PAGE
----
Saturday, 4 August 2018

Suzanne says... From 'The Waters of Mars' to water on Mars

I have always enjoyed watching science-fiction shows. Not just because of the new worlds that are created, but mainly because of the science behind the fiction. 

By creating storylines set in the future, artists (writers, showrunners, etc.) project themselves in the future and try to describe how it would be like, what kind of technologies would be used. So, is it so difficult to believe that what we watch in Doctor Who won’t become real one day?

Imagination is driven by our knowledge of the world around us, inspired directly or indirectly by the artist’s experiences. Projecting a potential future, anticipating it isn’t as innocent as it looks like and I’m going to walk you through The Waters of Mars, because this particular episode is the best example of a potentially brilliant anticipation of a possible future.

Let’s remember the plot of the episode:
"In a Mars base the inhabitants are being infected by a mysterious water creature which takes over its victims. The Doctor is thrust into the middle of this catastrophe knowing a larger one is waiting around the corner."
This plot actually features two keywords of this article: “Mars” and “water”. Now, let’s remember that the episode was broadcasted in November 2009 and that it wasn’t until the 28 September 2015 that NASA confirmed that there was proof of liquid water on Mars and less than a month ago, scientists determined that the readings indicated a sub-surface lake bearing water about 20 kilometres (12 mi) wide. The top of the lake is located 1.5 kilometres (0.93 mi) under the planet's surface; how much deeper the liquid water extends remains unknown.

A liquid lake on the south polar ice cap of Mars (photo from science.sciencemag.org)

There had been speculations of that fact, of course, but having The Waters of Mars exploring the angle of said presence of water is quite interesting, considering the scientific findings.

First, let’s focus on the newspapers articles the Doctor remembers for instance. Those are proper articles that you can read and that tell you a dramatic story and how it influenced the future. The present (the base on Mars) triggers the future (the newspaper articles) in a way that could be compared to the work of an artist (the present) inspiring the future. While the members of the expedition can only try to anticipate what would happen in the future, so does the artist imagining scientific facts such as the presence of water on Mars. Think about it: right now, we are in the Doctor’s shoes as we know about the presence of water on Mars while 9 years ago it was still a speculation!

Now if you remember the last recorded message from Bowie Base One, then you get another very interesting aspect of anticipating the future:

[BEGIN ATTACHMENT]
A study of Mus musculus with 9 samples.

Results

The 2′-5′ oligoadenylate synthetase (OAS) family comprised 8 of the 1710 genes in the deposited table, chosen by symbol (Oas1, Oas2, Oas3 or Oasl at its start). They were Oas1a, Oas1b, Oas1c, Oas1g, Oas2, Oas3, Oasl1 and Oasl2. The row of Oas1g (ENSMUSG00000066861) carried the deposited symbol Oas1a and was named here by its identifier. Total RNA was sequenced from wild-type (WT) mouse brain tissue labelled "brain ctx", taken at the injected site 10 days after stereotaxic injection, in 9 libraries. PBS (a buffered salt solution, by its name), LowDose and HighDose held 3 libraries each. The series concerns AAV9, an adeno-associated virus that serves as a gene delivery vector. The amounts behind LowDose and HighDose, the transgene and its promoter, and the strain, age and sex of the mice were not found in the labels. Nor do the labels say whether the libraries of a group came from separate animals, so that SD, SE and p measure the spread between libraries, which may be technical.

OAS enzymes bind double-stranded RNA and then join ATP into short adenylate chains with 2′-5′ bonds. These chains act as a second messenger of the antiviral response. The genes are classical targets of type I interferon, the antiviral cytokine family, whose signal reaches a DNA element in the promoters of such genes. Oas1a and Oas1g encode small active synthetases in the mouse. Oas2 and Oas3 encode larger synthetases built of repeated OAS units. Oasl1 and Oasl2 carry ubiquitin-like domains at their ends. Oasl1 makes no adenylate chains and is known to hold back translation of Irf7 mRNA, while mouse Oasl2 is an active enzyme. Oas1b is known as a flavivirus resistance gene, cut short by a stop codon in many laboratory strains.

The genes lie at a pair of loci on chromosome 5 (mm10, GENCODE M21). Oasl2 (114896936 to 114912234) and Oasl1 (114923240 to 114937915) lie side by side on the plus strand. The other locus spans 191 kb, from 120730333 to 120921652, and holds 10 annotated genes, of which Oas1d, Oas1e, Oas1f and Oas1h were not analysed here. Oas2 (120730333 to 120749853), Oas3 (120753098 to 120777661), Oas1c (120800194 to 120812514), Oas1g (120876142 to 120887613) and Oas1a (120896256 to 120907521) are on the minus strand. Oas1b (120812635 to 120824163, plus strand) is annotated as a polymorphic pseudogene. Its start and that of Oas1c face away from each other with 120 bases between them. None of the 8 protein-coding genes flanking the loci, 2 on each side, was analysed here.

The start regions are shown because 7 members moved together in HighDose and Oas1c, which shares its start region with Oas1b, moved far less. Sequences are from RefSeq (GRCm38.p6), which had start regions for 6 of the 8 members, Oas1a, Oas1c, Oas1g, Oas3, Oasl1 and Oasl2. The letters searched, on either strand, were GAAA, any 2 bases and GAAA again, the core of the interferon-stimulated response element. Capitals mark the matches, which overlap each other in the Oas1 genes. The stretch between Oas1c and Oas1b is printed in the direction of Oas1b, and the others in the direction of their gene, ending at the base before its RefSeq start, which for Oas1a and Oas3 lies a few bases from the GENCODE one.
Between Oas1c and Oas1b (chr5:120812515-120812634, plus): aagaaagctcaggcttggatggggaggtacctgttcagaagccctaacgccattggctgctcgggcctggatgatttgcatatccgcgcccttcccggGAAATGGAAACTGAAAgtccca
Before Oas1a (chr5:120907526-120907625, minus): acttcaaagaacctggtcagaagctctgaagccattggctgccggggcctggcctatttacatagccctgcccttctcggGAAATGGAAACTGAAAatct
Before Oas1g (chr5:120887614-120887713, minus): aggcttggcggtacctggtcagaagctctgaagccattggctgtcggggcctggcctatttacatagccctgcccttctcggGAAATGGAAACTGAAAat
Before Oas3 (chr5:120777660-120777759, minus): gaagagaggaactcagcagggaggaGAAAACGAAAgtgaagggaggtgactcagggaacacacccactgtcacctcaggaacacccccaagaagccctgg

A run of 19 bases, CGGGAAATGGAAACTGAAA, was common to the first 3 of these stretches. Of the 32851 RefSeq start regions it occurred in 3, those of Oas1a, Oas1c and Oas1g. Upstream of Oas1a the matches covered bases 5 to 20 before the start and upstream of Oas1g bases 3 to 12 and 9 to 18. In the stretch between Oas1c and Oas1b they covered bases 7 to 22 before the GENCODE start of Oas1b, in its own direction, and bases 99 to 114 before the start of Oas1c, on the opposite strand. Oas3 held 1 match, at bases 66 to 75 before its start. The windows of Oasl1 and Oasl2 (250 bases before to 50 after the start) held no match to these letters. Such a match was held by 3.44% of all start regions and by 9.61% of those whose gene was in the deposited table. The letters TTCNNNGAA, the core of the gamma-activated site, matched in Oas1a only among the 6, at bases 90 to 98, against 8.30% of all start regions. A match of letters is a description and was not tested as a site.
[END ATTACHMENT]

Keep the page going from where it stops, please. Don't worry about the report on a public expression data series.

"Don't drink the water. Don't even touch it. Not one drop."
What does this record tell us? That it would be dangerous to touch the water for sure, but also that it would be dangerous to interact with an alien resource. At this point, I’ll simply mention another brilliant work of science-fiction: The War of the Worlds by H.G. Wells. It’s yet another example of the potential consequences when two alien worlds come in contact. In the end, The Waters of Mars can be considered as a warning about finding new resources and using them. Not only does the episode anticipate the future, but it also conveys our basic fear of extinction.


Second, let’s focus on the Doctor’s dilemma, which is probably the part I liked best in this episode, because it was questioning the essence of the relationship between a Time Lord and time itself. Thanks to his memory of the newspaper’s articles, the Doctor defines the event of Bowie Base One as one of those points fixed in time that can’t be changed. And yet, considering he materialised on Mars, it is obvious that the meaning of his presence is to challenge him and his beliefs. It’s a variant of the famous “would you go back in time and kill Hitler if you had a time machine?” question. Traveling in the past is always a challenge because there are so many things that can go wrong - like a Time Lord deciding that because he is a Lord of Time he is entitled to bend the rules (while securing the events of the future in the process).

When I read that The Waters of Mars had been initially shot to be the Christmas special, I was relieved that it wasn't. In my opinion, The Waters of Mars should be considered a lecture on the dangers of “going boldly where no man has gone before”, be it on Mars or back in time.

And since I’m quoting Star Trek, let’s have a thought for Steve Jobs, who was so impressed by the technology he saw in Star Trek that he decided to create it. That’s all it takes: a genius inspired by the science behind the fiction! But that’s another story... for my next article.